Anchor, Investigative Reporter


Brazilian aircraft carrier poses potential ecological disaster

Feb 01, 2023


Anchor, Investigative Reporter


The 34,000 ton, 870-foot long ship is the Sao Paulo. It was built 60 years ago by France. Brazil bought it in 2000, and then sold it for scrap to a Turkish shipyard in 2021. But Turkey doesn’t want it anymore.

Turkey said Brazil never proved the Sao Paulo didn’t have asbestos, a toxic mineral widely used in 20th century construction. After months of protests, and after the Sao Paulo had already set sail, Turkey said the ship could not enter a Turkish port.

The Sao Paulo returned to Brazil but was also denied entry there because port authorities were worried the ship would just be abandoned. It’s a surprisingly common problem. Abandoned ships are ecological disasters and spew toxic materials into the ocean.

A couple weeks ago, the Brazilian navy pushed the Sao Paulo out into international waters, where the plan was to blow it up and let it sink. The Basel Action Network (BAN) said doing so would violate three separate environmental conventions and equates to a state-sponsored environmental crime. According to BAN, in addition to the asbestos, the Sao Paulo contains hundreds of metric tons of other toxic substances in its electrical wiring, paints and fuel stores.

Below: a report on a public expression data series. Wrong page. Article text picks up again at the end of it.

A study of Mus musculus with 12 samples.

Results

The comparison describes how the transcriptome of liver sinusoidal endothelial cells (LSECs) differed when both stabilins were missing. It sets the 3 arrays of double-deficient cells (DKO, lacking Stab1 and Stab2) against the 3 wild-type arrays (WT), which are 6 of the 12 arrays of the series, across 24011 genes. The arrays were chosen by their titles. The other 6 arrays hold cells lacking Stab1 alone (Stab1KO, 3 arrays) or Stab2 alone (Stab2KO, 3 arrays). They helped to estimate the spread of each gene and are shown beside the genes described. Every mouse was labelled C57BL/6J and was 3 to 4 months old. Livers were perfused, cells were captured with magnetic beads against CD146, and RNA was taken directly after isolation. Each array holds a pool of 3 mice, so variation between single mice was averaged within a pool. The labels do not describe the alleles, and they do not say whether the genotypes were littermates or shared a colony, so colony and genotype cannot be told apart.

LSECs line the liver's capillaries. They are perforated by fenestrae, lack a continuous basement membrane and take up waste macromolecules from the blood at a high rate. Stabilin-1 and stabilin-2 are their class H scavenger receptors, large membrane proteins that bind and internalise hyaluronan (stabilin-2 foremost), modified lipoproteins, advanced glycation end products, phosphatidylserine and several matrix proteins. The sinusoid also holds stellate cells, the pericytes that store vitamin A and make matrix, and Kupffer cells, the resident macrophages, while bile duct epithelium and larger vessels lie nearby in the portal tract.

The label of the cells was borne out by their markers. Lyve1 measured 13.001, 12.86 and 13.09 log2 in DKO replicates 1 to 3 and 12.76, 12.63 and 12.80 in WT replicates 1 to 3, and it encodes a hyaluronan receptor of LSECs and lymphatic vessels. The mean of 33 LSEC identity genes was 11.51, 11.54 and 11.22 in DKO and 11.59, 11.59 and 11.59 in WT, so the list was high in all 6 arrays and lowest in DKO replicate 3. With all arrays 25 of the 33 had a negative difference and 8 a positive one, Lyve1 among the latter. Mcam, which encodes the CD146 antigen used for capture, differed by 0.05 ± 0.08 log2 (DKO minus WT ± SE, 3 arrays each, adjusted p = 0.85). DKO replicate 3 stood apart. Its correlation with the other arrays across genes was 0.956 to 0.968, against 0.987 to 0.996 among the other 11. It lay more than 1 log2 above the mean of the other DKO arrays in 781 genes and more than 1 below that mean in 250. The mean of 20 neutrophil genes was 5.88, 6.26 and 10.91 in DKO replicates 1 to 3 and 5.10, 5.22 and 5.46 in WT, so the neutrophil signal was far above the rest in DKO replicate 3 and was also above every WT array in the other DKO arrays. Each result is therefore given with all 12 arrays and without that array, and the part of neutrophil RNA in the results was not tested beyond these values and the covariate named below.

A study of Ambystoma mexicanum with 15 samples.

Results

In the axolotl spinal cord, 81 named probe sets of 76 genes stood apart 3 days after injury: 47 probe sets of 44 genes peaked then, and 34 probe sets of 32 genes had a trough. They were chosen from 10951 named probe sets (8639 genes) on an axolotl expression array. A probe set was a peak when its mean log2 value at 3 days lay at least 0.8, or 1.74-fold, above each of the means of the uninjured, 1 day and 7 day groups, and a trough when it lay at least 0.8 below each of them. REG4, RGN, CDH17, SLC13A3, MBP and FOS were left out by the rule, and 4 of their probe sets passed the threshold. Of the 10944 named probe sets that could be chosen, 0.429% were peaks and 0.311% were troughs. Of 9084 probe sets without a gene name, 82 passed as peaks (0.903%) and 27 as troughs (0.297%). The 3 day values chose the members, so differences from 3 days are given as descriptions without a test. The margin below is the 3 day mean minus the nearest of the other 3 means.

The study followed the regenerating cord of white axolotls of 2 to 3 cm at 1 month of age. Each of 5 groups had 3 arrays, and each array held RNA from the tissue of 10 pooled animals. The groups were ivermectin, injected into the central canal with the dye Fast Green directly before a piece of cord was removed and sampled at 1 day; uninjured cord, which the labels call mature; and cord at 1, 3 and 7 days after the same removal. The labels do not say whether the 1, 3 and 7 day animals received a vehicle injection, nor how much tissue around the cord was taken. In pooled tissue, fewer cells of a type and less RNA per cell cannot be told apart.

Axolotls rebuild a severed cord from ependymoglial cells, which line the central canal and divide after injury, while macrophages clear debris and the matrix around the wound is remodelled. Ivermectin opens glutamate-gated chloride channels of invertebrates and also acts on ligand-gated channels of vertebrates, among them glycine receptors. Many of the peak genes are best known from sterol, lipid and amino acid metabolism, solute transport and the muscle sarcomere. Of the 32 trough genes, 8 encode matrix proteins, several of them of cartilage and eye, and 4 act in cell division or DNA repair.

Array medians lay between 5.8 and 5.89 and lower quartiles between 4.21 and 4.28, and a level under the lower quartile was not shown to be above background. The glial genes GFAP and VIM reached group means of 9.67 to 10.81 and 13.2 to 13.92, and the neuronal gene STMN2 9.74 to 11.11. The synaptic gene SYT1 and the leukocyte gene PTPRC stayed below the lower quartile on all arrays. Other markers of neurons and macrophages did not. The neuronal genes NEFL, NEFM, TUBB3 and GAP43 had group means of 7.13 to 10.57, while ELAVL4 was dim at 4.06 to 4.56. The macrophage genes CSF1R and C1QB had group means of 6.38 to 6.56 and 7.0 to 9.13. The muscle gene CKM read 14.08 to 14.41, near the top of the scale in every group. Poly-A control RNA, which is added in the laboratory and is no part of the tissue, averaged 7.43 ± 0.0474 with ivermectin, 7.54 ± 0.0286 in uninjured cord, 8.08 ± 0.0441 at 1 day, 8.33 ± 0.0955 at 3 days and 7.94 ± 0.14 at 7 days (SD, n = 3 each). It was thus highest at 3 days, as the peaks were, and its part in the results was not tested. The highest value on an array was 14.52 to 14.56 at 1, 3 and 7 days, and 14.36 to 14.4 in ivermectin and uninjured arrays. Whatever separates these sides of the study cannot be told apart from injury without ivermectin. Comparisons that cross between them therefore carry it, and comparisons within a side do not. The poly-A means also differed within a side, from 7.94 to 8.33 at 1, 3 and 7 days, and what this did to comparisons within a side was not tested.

Brazil’s public prosecutor filed a civil suit to stop the Brazilian navy from sinking the Sao Paulo. Now it’s up to Brazil’s courts to decide how the saga of the Sao Paulo will end.


BUT TURKEY DOESN’T WANT IT ANYMORE. THE TURKS SAID BRAZIL NEVER PROVED THE SAO PAULO DIDN’T HAVE ASBESTOS, A TOXIC MINERAL WIDELY USED IN 20TH CENTURY CONSTRUCTION. AFTER MONTHS OF PROTESTS, AND AFTER THE SAO PAULO HAD ALREADY SET SAIL, TURKEY SAID THE SHIP COULD NOT ENTER A TURKISH PORT.

THE SAO PAULO RETURNED TO BRAZIL BUT WAS ALSO DENIED ENTRY THERE BECAUSE PORT AUTHORITIES WERE WORRIED THE SHIP WOULD JUST BE ABANDONED. IT’S A SURPRISINGLY COMMON PROBLEM. ABANDONED SHIPS ARE ECOLOGICAL DISASTERS AND SPEW TOXIC MATERIALS INTO THE OCEAN.

A COUPLE WEEKS AGO, THE BRAZILIAN NAVY PUSHED THE SAO PAULO OUT INTO INTERNATIONAL WATERS WHERE THE PLAN WAS TO BLOW IT UP AND LET IT SINK. THE BASEL ACTION NETWORK SAID DOING SO WOULD VIOLATE THREE SEPARATE ENVIRONMENTAL CONVENTIONS AND EQUATES TO A STATE-SPONSORED ENVIRONMENTAL CRIME.

BRAZIL’S PUBLIC PROSECUTOR FILED A CIVIL SUIT TO STOP THE NAVY FROM SINKING THE SAO PAULO. NOW IT’S UP TO THE COURTS TO DECIDE HOW THE SAGA OF THE SAO PAULO WILL END.

IF YOU WANT TO SEE MORE REPORTING ON THE ENVIRONMENT AND INTERNATIONAL RELATIONS, BE SURE TO CHECK OUT STRAIGHT ARROW NEWS DOT COM, WHERE YOU’LL ALWAYS FIND UNBIASED, STRAIGHT FACTS.